Mark Kelly clinches Democratic Senate nod in Arizona

Mark Kelly clinches Democratic Senate nod in Arizona

Kelly’s nomination was virtually never in question. He faced no serious primary opposition and is among the most well-known and best-financed Senate candidates of the 2020 election cycle.

His win on Tuesday marks the official beginning of his general election campaign against McSally, perhaps the most vulnerable GOP incumbent of the 2020 election cycle. Nearly every recent public poll shows Kelly with the advantage in the race, and he will begin the general election fight with nearly $24 million in cash on hand, more than twice as much as McSally.


But McSally will almost certainly face an uphill battle this fall as she seeks to hold onto her Senate seat. She’s currently the only Republican Senate incumbent whose race falls into The Cook Political Report’s "lean" Democratic column. 

At the same time, she already has a history of losing a statewide race. A former representative from Arizona’s 2nd District, McSally was defeated in 2018 by Democrat Kyrsten Sinema in the state’s Senate race. Weeks after that loss, she was appointed by Gov. Doug DuceyDoug DuceySome in GOP begin testing party's lockstep loyalty to Trump Trump slams Biden, voices unsubstantiated election fraud claims at first rally of 2022 Trump to make election claims center stage in Arizona MORE (R) to serve out the remainder of the late Sen. John McCainJohn Sidney McCainRedistricting reform key to achieving the bipartisanship Americans claim to want Kelly takes under-the-radar approach in Arizona Senate race Voting rights, Trump's Big Lie, and Republicans' problem with minorities MORE’s (R-Ariz.) term.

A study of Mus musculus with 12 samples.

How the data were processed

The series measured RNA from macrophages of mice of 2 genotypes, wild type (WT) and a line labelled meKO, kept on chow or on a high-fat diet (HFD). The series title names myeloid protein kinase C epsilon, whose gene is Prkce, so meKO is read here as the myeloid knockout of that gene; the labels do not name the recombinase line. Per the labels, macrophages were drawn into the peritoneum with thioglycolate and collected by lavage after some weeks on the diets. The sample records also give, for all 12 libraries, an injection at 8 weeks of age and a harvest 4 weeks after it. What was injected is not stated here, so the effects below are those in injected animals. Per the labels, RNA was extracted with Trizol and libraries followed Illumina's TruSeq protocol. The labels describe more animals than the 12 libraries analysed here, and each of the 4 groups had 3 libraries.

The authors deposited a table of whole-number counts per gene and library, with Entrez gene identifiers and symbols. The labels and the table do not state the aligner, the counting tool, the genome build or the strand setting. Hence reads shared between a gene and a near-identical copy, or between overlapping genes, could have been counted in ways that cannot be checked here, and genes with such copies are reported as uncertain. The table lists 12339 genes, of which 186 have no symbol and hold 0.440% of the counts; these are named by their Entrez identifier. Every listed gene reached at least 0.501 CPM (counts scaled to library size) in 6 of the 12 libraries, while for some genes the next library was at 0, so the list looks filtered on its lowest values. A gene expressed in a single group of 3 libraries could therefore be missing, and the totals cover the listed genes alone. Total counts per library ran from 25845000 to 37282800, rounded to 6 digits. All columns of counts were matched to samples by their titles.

One other factor that could weigh on McSally’s chances in November is the presidential race. President TrumpDonald TrumpPredictions of disaster for Democrats aren't guarantees of midterm failure A review of President Biden's first year on border policy  Hannity after Jan. 6 texted McEnany 'no more stolen election talk' in five-point plan for Trump MORE carried Arizona in 2016 by 3.5 points, but recent polls show presumptive Democratic nominee Joe Biden with a lead there. The former vice president and outside groups supporting him have already spent money in the state.